The howling winds that shrieked around the eaves and sent tree branches flying this week are gone at last. We happily bid them farewell and welcomed lovely gentle rain that cleaned the air and softened the earth and made our little world smell fresh and loamy.
It’s been a big few days on the farm tackling all sorts of projects.
Gardens were my focus this week, getting them back into shape after massive rains followed by ferocious winds. I’ve carted away numerous wheelbarrows mounded high with weeds, so pleased to see empty stretches of earth like blank canvases for my creativity to go to work on.
I dug new garden beds, added rock borders, and tamped down earth into wide pathways for me to navigate with ease. I planted all sorts of good things – more leeks, red cabbages, nasturtiums, peas, beetroot, and cosmos – added layers of compost and mulch to established plants, and wrote lists of plants I want to add in the weeks and months to come.
I harvested lemon balm, tarragon, and wormwood, and they’re dangling in great bunches all over the back veranda, drying thoroughly before I use them in various teas, spice mixes, and helpful remedies for our animals. Tomorrow I’ll add mint, yarrow, mugwort, rose geranium, and other herbs.
When the gardens were in good shape, I moved to the orchards where I’ll be for many days to come.
I cleaned and tidied chicken, duck, geese, and turkey pens, and pulled weeds in big circles around the pomegranate, olive, and fig trees in preparation for composting and mulching. Next up are the apricot, citrus, and quince trees, before I start digging holes to plant the apple, pear, and plum trees that are waiting in my nursery. Then I’ll move on to the Big Orchard and start doing the same thing for the grapes, blood oranges, bush lemons, Tahitian limes, China peaches, and myriad plum varieties that we planted in there. And then, finally, the Apple Orchard, where I’ll start pruning and transplanting and extending the orchard to make room for the cider apples and cider pears also waiting in the nursery.
I started the mammoth project of weeding about half an acre of empty pens to turn into herb gardens that will be protected from our many animals who would be delighted to eat every last leaf and stalk. I’ll have a fruit tree in the middle and surround each one with beds of spearmint, pineapple sage, lemon balm, and other good herbs that I will later turn into herbal teas, tinctures, and remedies. I’m so excited to see them take shape.
I’ve also started prepping the empty pens in the Chook Palace where we’ll be planting all sorts of grasses for the birds to eat when fresh greens are sparse on the ground during winter.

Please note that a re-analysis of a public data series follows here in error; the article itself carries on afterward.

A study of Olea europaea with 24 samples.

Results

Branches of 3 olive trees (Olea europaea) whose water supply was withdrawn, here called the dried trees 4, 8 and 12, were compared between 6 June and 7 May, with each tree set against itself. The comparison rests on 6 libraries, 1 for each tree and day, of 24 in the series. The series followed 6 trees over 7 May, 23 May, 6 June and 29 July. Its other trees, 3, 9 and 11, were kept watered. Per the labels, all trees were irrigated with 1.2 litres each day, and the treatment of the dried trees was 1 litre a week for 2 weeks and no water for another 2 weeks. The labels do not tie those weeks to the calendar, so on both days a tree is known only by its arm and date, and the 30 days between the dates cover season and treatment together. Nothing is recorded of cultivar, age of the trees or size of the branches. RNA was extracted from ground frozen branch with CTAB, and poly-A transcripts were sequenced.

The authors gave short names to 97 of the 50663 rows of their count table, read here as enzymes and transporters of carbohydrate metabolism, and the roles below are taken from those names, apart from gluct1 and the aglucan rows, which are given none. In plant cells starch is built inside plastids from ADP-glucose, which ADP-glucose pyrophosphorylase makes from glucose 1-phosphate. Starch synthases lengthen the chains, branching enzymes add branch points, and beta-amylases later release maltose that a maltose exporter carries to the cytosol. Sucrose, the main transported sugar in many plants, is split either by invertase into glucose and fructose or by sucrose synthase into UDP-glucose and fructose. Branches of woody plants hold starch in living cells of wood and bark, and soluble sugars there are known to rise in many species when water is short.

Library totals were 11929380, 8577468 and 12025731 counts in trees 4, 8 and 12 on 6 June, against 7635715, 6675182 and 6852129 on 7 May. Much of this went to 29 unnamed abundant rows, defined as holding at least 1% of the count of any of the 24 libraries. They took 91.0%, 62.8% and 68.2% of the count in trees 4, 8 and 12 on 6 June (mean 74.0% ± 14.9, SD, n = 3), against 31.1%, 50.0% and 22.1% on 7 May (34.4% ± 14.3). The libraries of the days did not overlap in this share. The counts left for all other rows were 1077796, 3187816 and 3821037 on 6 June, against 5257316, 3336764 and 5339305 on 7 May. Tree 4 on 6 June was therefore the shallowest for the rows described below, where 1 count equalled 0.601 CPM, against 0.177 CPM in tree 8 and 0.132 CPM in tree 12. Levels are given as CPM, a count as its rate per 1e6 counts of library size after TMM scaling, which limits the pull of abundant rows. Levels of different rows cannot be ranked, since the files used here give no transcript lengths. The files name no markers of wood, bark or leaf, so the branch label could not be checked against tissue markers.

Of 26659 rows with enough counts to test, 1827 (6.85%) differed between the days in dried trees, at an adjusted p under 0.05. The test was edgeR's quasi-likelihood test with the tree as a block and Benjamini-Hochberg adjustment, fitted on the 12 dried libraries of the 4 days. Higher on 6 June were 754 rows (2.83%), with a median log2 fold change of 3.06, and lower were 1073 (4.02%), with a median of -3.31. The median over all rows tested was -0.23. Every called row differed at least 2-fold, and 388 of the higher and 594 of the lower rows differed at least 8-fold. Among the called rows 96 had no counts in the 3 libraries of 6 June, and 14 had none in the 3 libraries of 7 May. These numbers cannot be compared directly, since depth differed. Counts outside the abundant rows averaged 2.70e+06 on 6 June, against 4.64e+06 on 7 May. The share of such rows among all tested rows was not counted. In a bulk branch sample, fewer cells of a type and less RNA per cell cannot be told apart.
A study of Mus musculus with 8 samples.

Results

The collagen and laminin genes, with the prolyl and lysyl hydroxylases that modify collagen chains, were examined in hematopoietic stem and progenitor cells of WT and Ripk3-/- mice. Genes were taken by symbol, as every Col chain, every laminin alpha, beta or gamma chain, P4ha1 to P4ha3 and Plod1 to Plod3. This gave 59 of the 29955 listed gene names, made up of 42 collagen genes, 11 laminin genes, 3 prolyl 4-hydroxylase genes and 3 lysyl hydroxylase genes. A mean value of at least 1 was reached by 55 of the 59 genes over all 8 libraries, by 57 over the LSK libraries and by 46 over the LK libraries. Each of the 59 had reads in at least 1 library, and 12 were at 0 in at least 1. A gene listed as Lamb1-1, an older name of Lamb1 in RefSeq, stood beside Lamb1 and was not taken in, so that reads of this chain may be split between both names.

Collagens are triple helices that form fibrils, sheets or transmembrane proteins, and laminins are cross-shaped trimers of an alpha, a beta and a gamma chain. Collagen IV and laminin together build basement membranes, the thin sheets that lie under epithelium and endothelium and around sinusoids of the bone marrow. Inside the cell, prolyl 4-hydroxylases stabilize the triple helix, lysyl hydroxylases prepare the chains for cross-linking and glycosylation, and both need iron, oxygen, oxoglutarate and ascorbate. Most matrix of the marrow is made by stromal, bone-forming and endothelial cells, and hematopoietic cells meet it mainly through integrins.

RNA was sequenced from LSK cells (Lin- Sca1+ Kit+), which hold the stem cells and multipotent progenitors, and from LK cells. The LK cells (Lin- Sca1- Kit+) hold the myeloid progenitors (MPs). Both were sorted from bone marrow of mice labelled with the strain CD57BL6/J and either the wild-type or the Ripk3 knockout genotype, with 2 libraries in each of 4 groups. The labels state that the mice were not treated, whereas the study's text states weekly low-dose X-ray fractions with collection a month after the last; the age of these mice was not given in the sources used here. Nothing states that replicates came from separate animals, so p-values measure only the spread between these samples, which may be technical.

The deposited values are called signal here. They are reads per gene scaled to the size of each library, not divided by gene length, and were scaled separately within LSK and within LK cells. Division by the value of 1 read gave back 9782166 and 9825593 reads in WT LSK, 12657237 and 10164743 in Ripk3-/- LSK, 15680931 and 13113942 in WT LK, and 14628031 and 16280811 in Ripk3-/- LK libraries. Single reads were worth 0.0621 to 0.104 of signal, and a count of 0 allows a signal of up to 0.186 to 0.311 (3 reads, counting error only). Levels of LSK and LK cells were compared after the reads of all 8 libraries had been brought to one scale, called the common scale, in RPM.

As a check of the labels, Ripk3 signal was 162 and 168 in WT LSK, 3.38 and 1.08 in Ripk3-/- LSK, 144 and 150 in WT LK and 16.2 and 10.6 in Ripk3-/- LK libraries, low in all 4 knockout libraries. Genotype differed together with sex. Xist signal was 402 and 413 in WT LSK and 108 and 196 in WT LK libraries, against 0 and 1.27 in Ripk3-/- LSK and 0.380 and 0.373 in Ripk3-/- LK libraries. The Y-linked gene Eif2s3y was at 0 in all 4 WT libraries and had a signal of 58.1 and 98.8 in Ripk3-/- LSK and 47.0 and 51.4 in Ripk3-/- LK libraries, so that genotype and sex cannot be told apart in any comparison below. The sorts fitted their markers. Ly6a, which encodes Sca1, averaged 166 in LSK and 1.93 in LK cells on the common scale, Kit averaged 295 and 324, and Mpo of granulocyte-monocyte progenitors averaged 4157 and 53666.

Lots to do, but I sure love doing it. I may be covered with bruises and scrapes, cuts and more mud and dirt than I ever thought possible, but it still feels good. We love walking around the farm throughout the week, pointing out what we’ve done and what we’re planning on doing, taking stock of our small world and doing what we can to make it better.
When I’m not outside working on projects, I take downtime to bake and cook and complete wood-burning orders. This week we’ve focused on comfort food and happy food to fortify us for working outside in the gale.
Hot, buttered Buttermilk Raisin Scones were lovely weekend fare, either by themselves or served with a big mug of soup. To make them, use your favorite basic scone recipe, but substitute buttermilk for the milk, and add 2-3 tsp vanilla and a mounded cup of raisins. Serve hot with softened butter.
Our favourite soup this week, hands down, was oh-so-creamy Curried Carrot Ginger Soup. Such an easy soup to make, it warmed us through and through.
Simply dice an onion and finely chop a 2-inch piece of fresh ginger then fry in a bit of olive oil in a large soup pot until onion is translucent. Add 8 carrots, cut in chunks, 2 potatoes, cut in chunks, 1-2 Tbsp good curry powder, 1 tsp turmeric, and salt and pepper to taste, then cover with chicken stock and simmer until vegetables can be squished with a fork. Remove from heat, puree with immersion blender, add 1/4 cup cream, stir well, and serve.
Now it’s time to read a bit then head to sleep. Our friend Joe is coming over bright and early tomorrow morning to help us drench our goats, so we need to be well-rested to handle the inevitable goat-wrestling that such an endeavor demands.